Dancers see, experience different performance styles

By Erika Moreno / Delta Staff Writer

The Repertory Dance Ensemble has been busy, travelling to see “Taj Express: The Bollywood Musical Revue” at the Johnson County Community College and hosting a production of “Captured” on campus.

The students had a lot of fun while watching the Taj Express performance and at times they even got up and danced while they were cheering the performers on. 

Janie Morgan the Dance Professor said: “I think it’s important for the students to see good quality of work so every semester I take them to see some kind of show and this year we came to see Taj Express which is a Bollywood Show and something different than they’ve ever seen before.”

Valley alumna Charlique Rolle, who graduated from MoVal in 2012, still keeps in touch with Morgan and other professors from MoVal. Last year she produced “Captured” and she invited Morgan to go watch it in Chicago.

However, Morgan couldn’t attend and Rolle suggested that maybe she could bring her work to MoVal, giving students the opportunity to see it and participate in it.

“Prelude” is the piece that Rolle choreographed for the students. She created this to be an introduction to “Captured.” She met up with the dancers and they all spent a moment where they shared their own stories. Based on what they shared, Rolle would give the dancers space to tell those stories. It took them three days to finish it all therefore it was really intense.

The Repertory Dance Ensemble has worked with guest choreographers before, but tying emotions into a piece where they collaborate with a guest choreographer is rare since most choreographers come with something that’s already set.

This was very hard on the dancers parts because they allowed themselves to become vulnerable in a very short amount of time. Once they passed that phase the dancers integrated the movement and tied it to their own stories.

It was difficult for the dancers because they are used to performing stories that other people already have set for them. Working with Rolle allowed them to have the opportunity to make something theirs.

“As a group they have bonded in a deeper way because as a group they have shared in such an open way with each other,” Rolle said.

Rolle loves MoVal and is very grateful for the time that she has spent their. She is so thankful for the experiences and opportunities that she’s had not only as an individual but also as a student.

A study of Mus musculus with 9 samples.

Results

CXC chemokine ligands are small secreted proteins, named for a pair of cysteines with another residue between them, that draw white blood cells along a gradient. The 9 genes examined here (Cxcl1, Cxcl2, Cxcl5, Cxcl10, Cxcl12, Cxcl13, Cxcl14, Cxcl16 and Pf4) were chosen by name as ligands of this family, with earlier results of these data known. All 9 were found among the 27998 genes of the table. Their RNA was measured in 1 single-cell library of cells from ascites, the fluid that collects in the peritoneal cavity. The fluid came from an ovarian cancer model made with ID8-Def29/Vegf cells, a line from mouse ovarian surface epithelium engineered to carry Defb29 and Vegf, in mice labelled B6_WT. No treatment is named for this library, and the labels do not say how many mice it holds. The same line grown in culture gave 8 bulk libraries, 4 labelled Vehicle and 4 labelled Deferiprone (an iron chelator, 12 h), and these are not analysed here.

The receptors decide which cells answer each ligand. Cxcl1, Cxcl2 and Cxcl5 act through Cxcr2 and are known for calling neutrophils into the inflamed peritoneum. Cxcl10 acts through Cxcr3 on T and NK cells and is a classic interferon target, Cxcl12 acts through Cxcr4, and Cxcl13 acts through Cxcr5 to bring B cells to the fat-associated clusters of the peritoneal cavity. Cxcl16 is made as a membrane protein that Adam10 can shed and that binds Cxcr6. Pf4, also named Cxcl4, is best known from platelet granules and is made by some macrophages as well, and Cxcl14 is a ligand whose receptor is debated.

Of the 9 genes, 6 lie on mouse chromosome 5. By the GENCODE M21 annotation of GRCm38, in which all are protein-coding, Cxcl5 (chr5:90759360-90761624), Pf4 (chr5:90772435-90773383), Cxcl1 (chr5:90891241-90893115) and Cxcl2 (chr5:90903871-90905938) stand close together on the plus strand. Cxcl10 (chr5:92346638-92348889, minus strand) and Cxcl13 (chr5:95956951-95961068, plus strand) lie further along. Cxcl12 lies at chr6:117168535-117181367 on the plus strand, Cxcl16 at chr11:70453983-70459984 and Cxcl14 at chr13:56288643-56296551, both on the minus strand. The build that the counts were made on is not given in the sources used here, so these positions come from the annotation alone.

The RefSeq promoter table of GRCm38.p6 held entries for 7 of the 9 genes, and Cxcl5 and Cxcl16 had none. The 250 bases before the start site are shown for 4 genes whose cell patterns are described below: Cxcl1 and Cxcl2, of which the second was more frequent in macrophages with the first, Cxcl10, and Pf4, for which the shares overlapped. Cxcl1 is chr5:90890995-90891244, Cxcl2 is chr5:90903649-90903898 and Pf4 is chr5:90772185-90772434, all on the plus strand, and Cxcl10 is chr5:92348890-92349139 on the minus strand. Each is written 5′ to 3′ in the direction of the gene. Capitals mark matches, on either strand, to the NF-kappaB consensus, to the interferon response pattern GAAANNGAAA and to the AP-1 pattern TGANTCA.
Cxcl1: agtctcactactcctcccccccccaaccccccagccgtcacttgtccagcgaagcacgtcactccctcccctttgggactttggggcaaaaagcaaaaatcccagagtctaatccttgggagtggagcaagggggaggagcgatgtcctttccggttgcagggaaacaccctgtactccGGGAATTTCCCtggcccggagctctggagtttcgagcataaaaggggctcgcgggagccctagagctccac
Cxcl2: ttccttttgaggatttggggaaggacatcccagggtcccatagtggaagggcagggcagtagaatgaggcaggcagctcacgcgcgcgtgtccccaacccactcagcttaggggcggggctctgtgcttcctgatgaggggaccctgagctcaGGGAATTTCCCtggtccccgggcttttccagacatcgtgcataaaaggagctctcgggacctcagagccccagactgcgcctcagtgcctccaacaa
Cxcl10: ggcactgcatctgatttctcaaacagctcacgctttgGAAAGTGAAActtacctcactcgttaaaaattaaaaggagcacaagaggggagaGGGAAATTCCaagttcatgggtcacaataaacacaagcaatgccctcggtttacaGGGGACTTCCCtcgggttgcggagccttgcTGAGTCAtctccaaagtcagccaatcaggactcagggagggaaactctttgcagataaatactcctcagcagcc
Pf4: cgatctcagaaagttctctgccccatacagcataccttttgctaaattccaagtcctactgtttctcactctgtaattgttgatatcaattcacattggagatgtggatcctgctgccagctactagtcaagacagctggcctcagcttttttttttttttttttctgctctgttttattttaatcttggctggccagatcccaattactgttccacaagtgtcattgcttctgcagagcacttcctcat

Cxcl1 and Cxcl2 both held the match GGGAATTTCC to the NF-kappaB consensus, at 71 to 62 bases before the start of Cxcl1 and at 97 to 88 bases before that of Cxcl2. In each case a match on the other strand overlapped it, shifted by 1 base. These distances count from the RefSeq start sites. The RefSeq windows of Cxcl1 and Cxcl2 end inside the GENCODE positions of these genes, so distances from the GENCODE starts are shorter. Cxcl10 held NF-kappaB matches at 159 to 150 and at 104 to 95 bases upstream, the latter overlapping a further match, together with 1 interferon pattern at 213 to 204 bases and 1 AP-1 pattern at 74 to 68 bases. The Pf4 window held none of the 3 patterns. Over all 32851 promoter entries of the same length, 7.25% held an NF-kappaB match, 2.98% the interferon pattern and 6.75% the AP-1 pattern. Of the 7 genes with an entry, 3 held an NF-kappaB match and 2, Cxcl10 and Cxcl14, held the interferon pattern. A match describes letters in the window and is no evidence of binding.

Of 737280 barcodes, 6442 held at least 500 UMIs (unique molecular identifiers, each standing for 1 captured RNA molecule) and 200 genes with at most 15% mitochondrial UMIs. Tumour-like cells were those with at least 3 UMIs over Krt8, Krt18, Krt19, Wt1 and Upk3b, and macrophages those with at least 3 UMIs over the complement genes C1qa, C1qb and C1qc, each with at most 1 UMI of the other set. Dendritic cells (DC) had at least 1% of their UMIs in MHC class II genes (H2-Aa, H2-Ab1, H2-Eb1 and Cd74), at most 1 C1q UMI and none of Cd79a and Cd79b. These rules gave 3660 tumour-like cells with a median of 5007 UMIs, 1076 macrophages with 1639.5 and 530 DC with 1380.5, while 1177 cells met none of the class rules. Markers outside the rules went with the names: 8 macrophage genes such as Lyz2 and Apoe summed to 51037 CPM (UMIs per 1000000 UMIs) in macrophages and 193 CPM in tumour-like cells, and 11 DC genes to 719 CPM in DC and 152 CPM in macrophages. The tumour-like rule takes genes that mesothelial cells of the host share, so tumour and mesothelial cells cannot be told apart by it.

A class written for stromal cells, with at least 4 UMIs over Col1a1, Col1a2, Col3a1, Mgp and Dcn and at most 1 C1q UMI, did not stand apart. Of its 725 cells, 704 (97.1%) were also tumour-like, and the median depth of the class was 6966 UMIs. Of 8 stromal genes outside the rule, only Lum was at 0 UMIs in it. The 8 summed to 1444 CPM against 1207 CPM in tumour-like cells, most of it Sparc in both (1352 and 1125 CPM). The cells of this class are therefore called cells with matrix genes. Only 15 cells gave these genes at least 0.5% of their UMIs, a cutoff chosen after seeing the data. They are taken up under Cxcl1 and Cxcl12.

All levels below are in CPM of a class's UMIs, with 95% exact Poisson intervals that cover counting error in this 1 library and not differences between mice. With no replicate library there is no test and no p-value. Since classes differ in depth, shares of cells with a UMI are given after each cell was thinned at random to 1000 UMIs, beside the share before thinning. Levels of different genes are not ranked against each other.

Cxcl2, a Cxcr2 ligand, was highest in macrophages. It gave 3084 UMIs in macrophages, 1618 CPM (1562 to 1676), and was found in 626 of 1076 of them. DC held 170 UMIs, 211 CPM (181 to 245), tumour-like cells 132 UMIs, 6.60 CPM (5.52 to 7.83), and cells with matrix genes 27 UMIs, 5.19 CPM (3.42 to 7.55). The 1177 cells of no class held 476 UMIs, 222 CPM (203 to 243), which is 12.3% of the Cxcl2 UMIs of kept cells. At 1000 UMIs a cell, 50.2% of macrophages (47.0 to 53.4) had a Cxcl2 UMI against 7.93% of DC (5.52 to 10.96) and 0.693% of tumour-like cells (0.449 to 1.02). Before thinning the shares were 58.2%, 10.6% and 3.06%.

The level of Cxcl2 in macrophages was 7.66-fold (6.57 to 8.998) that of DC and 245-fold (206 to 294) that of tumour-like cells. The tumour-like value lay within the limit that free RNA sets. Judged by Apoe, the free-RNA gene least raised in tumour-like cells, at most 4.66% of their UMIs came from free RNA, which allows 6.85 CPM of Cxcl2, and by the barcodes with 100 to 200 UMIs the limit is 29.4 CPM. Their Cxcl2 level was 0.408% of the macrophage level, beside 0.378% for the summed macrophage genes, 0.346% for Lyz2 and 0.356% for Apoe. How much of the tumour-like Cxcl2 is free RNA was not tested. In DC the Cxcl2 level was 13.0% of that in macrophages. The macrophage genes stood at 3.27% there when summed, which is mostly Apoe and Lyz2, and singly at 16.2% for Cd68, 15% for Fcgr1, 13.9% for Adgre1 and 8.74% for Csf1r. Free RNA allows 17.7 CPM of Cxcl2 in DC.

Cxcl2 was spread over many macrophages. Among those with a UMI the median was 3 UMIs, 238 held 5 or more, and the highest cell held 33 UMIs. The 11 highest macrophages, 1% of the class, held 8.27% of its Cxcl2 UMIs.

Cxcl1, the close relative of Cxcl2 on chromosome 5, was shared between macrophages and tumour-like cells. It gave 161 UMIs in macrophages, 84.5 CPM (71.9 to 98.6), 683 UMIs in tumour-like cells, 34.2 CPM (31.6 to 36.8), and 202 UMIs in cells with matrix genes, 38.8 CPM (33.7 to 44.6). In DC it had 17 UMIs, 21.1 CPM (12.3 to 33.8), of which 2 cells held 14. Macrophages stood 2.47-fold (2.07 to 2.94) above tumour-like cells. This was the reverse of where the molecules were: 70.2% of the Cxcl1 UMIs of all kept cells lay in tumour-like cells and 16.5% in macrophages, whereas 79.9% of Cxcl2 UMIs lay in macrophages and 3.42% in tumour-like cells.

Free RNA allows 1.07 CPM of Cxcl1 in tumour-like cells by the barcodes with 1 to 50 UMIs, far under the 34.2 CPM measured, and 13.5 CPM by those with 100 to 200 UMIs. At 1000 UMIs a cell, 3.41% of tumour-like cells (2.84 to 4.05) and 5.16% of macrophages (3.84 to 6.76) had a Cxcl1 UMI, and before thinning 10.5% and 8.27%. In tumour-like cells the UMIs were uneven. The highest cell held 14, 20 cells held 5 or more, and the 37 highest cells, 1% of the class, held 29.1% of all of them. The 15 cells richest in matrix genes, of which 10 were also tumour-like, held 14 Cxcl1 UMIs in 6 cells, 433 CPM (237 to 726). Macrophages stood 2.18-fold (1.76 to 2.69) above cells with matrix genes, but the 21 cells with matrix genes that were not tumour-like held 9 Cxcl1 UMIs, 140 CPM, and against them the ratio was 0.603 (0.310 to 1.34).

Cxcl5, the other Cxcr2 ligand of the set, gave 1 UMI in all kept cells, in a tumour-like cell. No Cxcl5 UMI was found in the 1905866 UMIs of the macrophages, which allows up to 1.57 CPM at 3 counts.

“I love the faculty and what they represent and who they are and how they challenge students,” Rolle said.

MoVal has a small program in the fine arts department. Rolle appreciates that she just wasn’t focused on dance in her time at MoVal. She was involved in music, theater, and dance. She had the opportunity to do that because their was space available due to the face that is a small program.

Dashonda Johnson was one of the dancers that worked with Rolle. Johnson believes that working with Rolle has been such a fulfilling experience because she has learned a lot and not only just through dance but also about life.

During the preparations, students had to write down things that have impacted them and that have highly affected them. Johnson said things out loud that she had never said before and she began to cry, however she felt like it was ok to say it in front of them.

“It was just nice to share that with the people around me and I knew I was in a safe place to say it,” Johnson said.

Cheyla Stephenson was also a part of Rolle’s choreographed piece. She thinks it was an amazing experience and she believes that it allowed her to find herself and figure things out about herself that she didn’t know.

Stephenson said she believes that Rolle’s philosophy about how she produced everything was very interesting and made her feel worthy.

Something that was difficult for Stephenson was putting the words that she wrote down into action. She came to the realization that she hadn’t officially gotten over the fact that whatever she wrote down in that piece of paper had happened and she found herself still being captured in it.

“It was really hard to open up and be vulnerable because I’m not a vulnerable person and it did pull something out of me that I didn’t know was still inside of me,” Stephenson said.

Morgan said it is very important for students to see different performances and get a different understanding from different choreographers to give them a more complete view of the dance world.